By Ryan Rainey
September 12, 2017 at 12:22 pm ET
Congress is poised to pass bipartisan legislation that would change the 2010 Dodd-Frank Act.
But the measure won’t overhaul the Consumer Financial Protection Bureau, which Dodd-Frank created and congressional Republicans have long railed against. And it won’t alter banking regulations, nor will it tweak capital requirements.
The narrowly written bill — the first Dodd-Frank change the 115th Congress has considered on a bipartisan, bicameral basis — would instead make a technical fix to the law.
The legislation would allow the incumbent insurance industry expert on the Financial Stability Oversight Council to remain a member of that regulatory body for as many as 18 months after the expiration of the term if a successor hasn’t yet been appointed. Under current law, the insurance expert’s six-year term can’t be extended in the absence of confirmation of a replacement.
Bipartisan praise for the legislation has been easy to come by in recent months. At last week’s Senate Banking Committee markup of the Senate’s version of the bill — S. 1463 — ranking member Sen. Sherrod Brown (D-Ohio) said the measure is a “good example” of how bipartisan cooperation on financial regulation can be achieved in the future.
“We know from the history in this institution — whether it’s Medicare, whether it’s the Wagner Act many decades ago — that Congress always comes back to years later and makes minor fixes,” Brown said on Sept. 7. “That’s what we’re doing here.”
The House passed its version of the legislation — H.R. 3110 — in a near unanimous vote of 407-1 two days earlier. The Senate’s Banking panel unanimously advanced its measure by voice vote at the Sept. 7 markup.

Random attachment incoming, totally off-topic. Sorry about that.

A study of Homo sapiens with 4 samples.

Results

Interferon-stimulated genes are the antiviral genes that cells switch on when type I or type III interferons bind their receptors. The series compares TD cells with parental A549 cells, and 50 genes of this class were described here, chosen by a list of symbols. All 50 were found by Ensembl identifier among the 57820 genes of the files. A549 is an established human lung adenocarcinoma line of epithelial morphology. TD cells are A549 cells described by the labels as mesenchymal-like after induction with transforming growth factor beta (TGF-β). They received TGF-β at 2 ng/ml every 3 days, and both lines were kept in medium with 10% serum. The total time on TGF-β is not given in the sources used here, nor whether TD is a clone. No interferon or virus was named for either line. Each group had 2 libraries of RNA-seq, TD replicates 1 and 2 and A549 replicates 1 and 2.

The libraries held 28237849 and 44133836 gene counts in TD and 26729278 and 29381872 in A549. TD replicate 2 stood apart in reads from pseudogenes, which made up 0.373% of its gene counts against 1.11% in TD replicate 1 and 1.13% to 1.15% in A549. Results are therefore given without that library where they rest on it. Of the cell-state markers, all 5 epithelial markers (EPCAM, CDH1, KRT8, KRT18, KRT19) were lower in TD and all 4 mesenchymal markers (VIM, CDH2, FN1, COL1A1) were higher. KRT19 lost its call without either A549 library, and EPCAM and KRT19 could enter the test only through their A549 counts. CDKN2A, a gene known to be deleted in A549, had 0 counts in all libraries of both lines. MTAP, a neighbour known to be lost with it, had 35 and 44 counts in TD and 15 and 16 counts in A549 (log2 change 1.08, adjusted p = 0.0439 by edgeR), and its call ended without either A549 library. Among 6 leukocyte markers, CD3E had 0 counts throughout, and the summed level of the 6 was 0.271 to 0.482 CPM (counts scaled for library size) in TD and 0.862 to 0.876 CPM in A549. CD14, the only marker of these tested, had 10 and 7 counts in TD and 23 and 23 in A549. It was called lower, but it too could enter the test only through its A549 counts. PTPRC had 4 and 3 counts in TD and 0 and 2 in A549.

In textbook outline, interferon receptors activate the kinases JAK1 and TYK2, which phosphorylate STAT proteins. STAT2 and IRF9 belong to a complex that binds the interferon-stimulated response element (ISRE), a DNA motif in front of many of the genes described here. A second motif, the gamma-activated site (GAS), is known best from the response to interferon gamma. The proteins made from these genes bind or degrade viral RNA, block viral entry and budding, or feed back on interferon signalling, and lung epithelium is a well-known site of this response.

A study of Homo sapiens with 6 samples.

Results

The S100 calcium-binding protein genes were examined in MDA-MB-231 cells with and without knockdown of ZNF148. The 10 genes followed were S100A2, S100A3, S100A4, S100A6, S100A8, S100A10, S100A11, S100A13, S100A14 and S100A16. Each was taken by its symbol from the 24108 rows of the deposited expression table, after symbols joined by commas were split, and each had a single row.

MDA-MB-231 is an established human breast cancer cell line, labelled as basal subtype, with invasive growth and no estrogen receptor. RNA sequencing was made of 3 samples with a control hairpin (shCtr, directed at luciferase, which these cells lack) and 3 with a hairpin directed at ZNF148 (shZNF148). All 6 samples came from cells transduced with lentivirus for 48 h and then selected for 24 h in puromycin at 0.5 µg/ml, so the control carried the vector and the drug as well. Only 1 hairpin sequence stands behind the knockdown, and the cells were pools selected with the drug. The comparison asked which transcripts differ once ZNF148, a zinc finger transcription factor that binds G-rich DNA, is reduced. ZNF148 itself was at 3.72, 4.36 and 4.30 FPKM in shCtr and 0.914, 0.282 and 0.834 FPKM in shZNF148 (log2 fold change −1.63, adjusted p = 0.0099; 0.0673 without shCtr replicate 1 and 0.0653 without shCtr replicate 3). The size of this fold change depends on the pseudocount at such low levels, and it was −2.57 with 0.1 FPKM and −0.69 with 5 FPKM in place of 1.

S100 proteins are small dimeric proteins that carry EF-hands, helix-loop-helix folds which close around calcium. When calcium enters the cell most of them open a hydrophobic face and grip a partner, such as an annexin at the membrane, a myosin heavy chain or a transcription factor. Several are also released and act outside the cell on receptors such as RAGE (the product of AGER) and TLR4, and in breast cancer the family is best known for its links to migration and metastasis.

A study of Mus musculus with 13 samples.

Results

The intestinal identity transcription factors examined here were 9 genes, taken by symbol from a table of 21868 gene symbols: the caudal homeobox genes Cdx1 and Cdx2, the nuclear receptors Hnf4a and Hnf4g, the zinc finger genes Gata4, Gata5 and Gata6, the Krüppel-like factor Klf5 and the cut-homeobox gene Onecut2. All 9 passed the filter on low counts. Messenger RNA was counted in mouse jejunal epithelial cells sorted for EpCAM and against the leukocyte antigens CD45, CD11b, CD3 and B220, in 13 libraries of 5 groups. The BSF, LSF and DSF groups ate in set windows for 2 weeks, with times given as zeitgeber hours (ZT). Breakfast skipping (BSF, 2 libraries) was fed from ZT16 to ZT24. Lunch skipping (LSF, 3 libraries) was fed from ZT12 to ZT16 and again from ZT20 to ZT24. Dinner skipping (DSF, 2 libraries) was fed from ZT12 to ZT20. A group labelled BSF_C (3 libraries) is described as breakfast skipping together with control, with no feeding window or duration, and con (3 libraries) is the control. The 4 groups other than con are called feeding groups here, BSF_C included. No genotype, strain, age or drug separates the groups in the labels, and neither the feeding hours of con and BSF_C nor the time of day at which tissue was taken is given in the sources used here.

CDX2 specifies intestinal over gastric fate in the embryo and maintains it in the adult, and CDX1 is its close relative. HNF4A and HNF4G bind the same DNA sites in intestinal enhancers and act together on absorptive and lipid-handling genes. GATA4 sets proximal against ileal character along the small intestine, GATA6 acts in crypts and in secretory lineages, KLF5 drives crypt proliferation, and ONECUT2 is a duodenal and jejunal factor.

A Senate GOP aide said the chamber is expected to take up the House-passed version before October.
When asked if the Senate will take up the legislation before the end of this month, David Popp, a spokesman for Senate Majority Leader Mitch McConnell (R-Ky.), said he didn’t have “any guidance or announcements.”
The bipartisan, bicameral issue comes at a time when bigger changes to Dodd-Frank remain in a holding pattern because of major differences between how each chamber wants to overhaul the law. The House in June passed the Financial CHOICE Act, a comprehensive measure sponsored by Financial Services Committee Chairman Jeb Hensarling (R-Texas) that aims to repeal and replace several elements of Dodd-Frank.
The Senate Banking Committee, however, has been moving at a more leisurely pace as it considers possible broader changes to Dodd-Frank. Chairman Mike Crapo has held a series of hearings on “economic growth” that he’s framed as a way to work on a bipartisan basis to change Dodd-Frank. The Idaho Republican’s spokeswoman, Amanda Critchfield, said Monday that further hearings on the initiative aren’t scheduled, but “discussions are ongoing.”
The technical nature of the FSOC legislation makes it “the lowest of low-hanging fruit,” said Jason Rosenstock, a partner at the advising firm Thorn Run Partners. The main issue in determining how bipartisan changes to Dodd-Frank could move forward is whether Democrats and Republicans “trust each other enough to have an honest debate without pulling in what’s perceived as extraneous issues,” Rosenstock said in a Monday interview.
In the case of the insurance expert legislation, both parties have an incentive to see the technical fix, so partisan debates about Dodd-Frank’s effectiveness or necessity haven’t become part of the calculus.
Brandon Barford, a former Banking Committee GOP staffer who now works as a partner for the Washington-based firm Beacon Policy Advisors LLC, said in a Monday interview that the move is politically important because lawmakers on both sides of the aisle want to see the insurance expert’s voice remain on FSOC. The fix is advantageous to Republicans because it ensures industry representation on the council, and it helps Democrats ensure the council’s functions aren’t hamstrung, Barford said.
But there’s not “a whole lot of room, particularly in the Senate, for bipartisan changes that are based on policy,” he added. “It’s a massive collective action problem.”